Title of the work
Country of the First Edition
First Edition Date
First Edition Details
Geoffrey McSkimming, Cairo Jim and the Alabastron of Forgotten Gods. Rydalmere, N.S.W.: NSW Starlight, 1996, 237 pp.
cairojim.com (accessed: August 2, 2018)
Action and adventure fiction
Magic realist fiction
Children (ages 9-14)
Courtesy of © 9 Diamonds Press.
Author of the Entry:
Ben Gooley, University of New England, firstname.lastname@example.org
Peer-reviewer of the Entry:
Elizabeth Hale, University of New England; email@example.com
Daniel Nkemleke, Université Yaounde 1, firstname.lastname@example.org
Portrait of Geoffrey McSkimming, courtesy of © 9 Diamonds Press.
, b. 1962
Geoffrey McSkimming is an Australian writer of children’s fiction and poetry, best known for his Cairo Jim series. Born in and a resident of Sydney, Australia, he has travelled widely in researching his novels. McSkimming is married to Sue-Anne Webster, a professional magician. He is employed on the staff of The School Magazine, the oldest continually published magazine in Australia and the longest running literary magazine for children in the world (published since 1916). Some of his Cairo Jim and Jocelyn Osgood books have been published in many different languages. His writing is comedic and features frequent wordplays and occasional high-level vocabulary for books aimed at the children’s market.
Official website (accessed: August 4, 2017).
Bio prepared by Ben Gooley, University of New England, email@example.com
Available as an audiobook through Bolinda Audio, read by Geoffrey McSkimming, 2003. ISBN: 1740933281, playing time, 5 hours 15 minutes.
Japanese: McSkimming, Geoffrey, and Shiori Okusawa. Kairo Jimu: 4, Wasurerareta girisha no kamigami to nazo no tsubo. Tokyo: Randamuhausukodansha, 2009.
German: McSkimming, Geoffrey, Cairo Jim Und Die Vergessenen Götter. München: Omnibus, 2003.
Cairo Jim is a young archaeologist who is already an established member of the fictional Old Relics Society at the commencement of the series. He is always seen wearing a pith helmet and his desert sun-spectacles. Cairo Jim and the Alabastron of Forgotten Gods is located in mid-to-late 20th-century Greece, moving from Athens to Delphi to Samothrace (Samothraki). It is a whimsical adventure in which the hero and his companions (a talking macaw named Doris and a telepathic wonder-camel named Brenda) work with museum curator Euripides Doodah of the National Archaeological Museum of Greece to stop the villainous Captain Neptune Flannelbottom Bone and his companion crow Desdemona from opening the sacred alabastron of Cronos, which they have stolen from the museum. Captain Bone and Desdemona are the usual antagonists throughout the Cairo Jim series.
Captain Bone plans on opening the alabastron in which the Titans were imprisoned by Zeus, and so be granted deification as his reward. To this end Captain Bone retrieves an altar from Delphi, and also uses the power of the alabastron to enliven a statue of Herakles and the statue of the Naxian Sphinx. With these, they travel to Samothrace to enact the opening ceremony, pursued by Cairo Jim’s company (who catch a ferry named The Spirit of Nike). On Samothrace, Brenda sees a centaur (showing that incidental mythical elements appear in the work). The company is unable to stop Captain Bone from beginning his rituals. As Captain Bone is about to open the alabastron, he is stopped by the Winged Victory of Samothrace who has flown there from the Louvre, along with other classical statues which have magically returned to Greece from around the globe. The Naxian Sphinx turns on Captain Bone and flies him out to sea.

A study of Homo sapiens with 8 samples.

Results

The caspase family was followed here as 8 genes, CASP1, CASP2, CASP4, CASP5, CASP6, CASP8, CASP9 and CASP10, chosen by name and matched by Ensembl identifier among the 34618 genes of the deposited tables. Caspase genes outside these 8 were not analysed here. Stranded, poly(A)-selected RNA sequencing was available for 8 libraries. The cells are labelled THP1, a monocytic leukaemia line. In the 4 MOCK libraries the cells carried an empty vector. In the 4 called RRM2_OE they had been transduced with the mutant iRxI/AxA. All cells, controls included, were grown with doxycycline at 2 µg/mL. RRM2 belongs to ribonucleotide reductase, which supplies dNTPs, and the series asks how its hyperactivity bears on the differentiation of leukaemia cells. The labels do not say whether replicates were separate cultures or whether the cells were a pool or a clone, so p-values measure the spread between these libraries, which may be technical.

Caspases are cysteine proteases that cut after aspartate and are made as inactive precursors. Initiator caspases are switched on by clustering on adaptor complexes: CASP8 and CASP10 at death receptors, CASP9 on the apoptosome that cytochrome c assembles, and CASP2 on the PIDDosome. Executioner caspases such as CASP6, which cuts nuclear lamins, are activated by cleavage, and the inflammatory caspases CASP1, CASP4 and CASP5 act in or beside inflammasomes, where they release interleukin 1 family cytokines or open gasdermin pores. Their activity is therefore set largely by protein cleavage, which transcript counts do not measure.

Cairo Jim and the Alabastron of Forgotten Gods is richly imbued with references to classical figures and themes. The world of Cairo Jim is one in which the world of ‘historical fact’ and the "mythic world" weave together so that the mythic and magical tropes work their way into the contemporary world in various ways throughout the book. Although the stories are not clearly dated, their use of plane travel locates them in the second half of the 20th century. As an archaeological adventure story, the Cairo Jim series sees possible influence from the Indiana Jones stories, although Cairo Jim is less swashbuckling. Although we do not explicitly meet the Titans or the Greek Gods themselves in this book, the narrative of their ancient war provides the backdrop against which the story runs.
The story moves from Athens to Delphi to Samothrace, providing strong physical loci for the classical and mythic elements to emerge. The statue of Herakles and the statue of the Sphinx of the Naxians are active characters at points in the plot, as is Nike, appearing as the Winged Victory of Samothrace.
The milieu in which the world of Cairo Jim functions is one in which myth is merely faded reality, which can be tangibly linked with the present through some object or totem. In this way, the books often function as a limited form of portal fantasy. Although all the major characters are adults, the frequent whimsical wordplay, talking animals, and the classical and adventure themes make the books appealing to children.
As Euripides Doodah concludes towards the close of the book: “history is not something to only keep locked away in museums and sunless places. I have discovered, with your help of course, that history is alive.”
Saxby, Maurice, Books in the life of a child: Bridges to literature and learning, South Melbourne: Macmillan Education Australia, 1997, pp. 238, 314.